A successful relationship between facilities maintenance companies and their customers can never be an Us versus Them situation.
When contractors gather to discuss the industry, inevitably the conversation turns to what I’ll politely refer to as “challenging” clients. While there are many legitimate components that can contribute to a difficult relationship, such as, limited service hours, geographically hard to reach locations and demanding response times, challenging is contractor speak for cheap and not wanting to pay for services. While budgets are always amongst the top priorities for both facility managers and service providers, I believe that for the most part, there is a misunderstanding of the message the clients are sending to their service providers.
Managing a company’s growth is the business owner’s responsibility. Not the client’s. There is a big difference between not wanting to appropriately compensate service partners and not wanting to overpay them. As facility service groups continue to become a more common resource for in-house facility managers, their rapid growth is creating more overhead and even greater pressure for increased revenues. Thereby creating an environment that pushes the company far from the model that made it successful in the first place and creating a relationship where your client questions your invoices.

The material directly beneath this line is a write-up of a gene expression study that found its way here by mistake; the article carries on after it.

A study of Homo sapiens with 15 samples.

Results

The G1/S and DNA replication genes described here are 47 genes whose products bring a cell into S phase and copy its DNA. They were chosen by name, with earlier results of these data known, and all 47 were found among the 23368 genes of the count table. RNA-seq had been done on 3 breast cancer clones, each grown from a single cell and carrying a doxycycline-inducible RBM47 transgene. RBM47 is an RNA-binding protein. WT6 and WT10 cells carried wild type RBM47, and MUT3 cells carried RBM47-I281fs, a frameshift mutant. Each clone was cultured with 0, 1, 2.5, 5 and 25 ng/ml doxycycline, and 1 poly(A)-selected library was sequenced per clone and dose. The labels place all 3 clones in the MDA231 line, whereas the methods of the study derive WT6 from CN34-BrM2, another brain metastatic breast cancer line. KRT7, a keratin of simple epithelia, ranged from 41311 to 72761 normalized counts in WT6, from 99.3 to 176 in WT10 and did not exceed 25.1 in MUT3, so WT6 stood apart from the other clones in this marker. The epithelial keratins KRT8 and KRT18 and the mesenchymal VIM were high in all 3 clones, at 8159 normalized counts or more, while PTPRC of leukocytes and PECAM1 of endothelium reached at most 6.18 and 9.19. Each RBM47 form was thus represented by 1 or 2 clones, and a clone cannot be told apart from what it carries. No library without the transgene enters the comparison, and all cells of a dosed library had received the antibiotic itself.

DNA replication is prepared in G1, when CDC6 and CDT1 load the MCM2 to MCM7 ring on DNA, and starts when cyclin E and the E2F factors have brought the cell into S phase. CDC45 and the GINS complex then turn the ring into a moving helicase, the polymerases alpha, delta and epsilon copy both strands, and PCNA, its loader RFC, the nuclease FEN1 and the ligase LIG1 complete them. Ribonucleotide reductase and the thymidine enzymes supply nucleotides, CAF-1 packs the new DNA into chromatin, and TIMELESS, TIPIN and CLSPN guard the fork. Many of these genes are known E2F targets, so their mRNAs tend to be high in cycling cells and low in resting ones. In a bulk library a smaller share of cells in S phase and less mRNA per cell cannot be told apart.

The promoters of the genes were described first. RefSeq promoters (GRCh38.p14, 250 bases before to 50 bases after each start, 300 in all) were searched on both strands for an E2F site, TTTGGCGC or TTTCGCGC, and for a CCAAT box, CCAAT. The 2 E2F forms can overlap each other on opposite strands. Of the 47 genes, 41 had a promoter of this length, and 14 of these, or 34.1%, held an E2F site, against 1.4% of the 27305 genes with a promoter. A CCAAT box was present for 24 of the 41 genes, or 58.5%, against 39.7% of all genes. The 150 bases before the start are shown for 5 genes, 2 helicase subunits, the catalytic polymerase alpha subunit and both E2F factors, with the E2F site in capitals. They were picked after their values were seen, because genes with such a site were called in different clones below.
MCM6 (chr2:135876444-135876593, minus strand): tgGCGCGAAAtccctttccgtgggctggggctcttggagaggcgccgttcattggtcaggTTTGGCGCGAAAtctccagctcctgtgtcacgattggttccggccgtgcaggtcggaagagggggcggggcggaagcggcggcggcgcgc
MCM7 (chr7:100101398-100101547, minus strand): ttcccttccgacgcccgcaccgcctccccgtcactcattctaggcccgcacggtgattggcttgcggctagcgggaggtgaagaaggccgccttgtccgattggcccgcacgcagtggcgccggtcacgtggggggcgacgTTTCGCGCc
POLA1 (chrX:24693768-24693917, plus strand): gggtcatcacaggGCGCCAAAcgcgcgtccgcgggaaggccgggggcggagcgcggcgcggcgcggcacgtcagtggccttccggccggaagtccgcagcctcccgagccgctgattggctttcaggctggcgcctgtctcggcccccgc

The more new clients I meet with, the more I hear about non self-performing aggregators having reduced themselves to nothing more than dispatchers of trades and a factory belt of estimates that they have no real knowledge about. Sure, clients used to get timely communications, detailed estimates and an understanding that their account manager was hand-on and had knowledge of the details of each project. Now, the stress of growth coupled with the over reliance on software to automate the process, has maintenance companies targeting volume and not quality. In this industry, that is a surefire formula for failure.
Make no mistake, UmbrellaOne’s goal is to grow and reach our full potential. However, we’ll do it by sticking to our original model of caring for the customer and providing a personal experience. Sure, we invest heavily in software to help streamline and organize our operations, but we’ll always be people first, software second. Our account managers will understand the task at hand and be able to speak intelligently about it when required. It is this approach that will result in our customers identifying the role we play, the value we bring and the dollar amount listed on their invoice.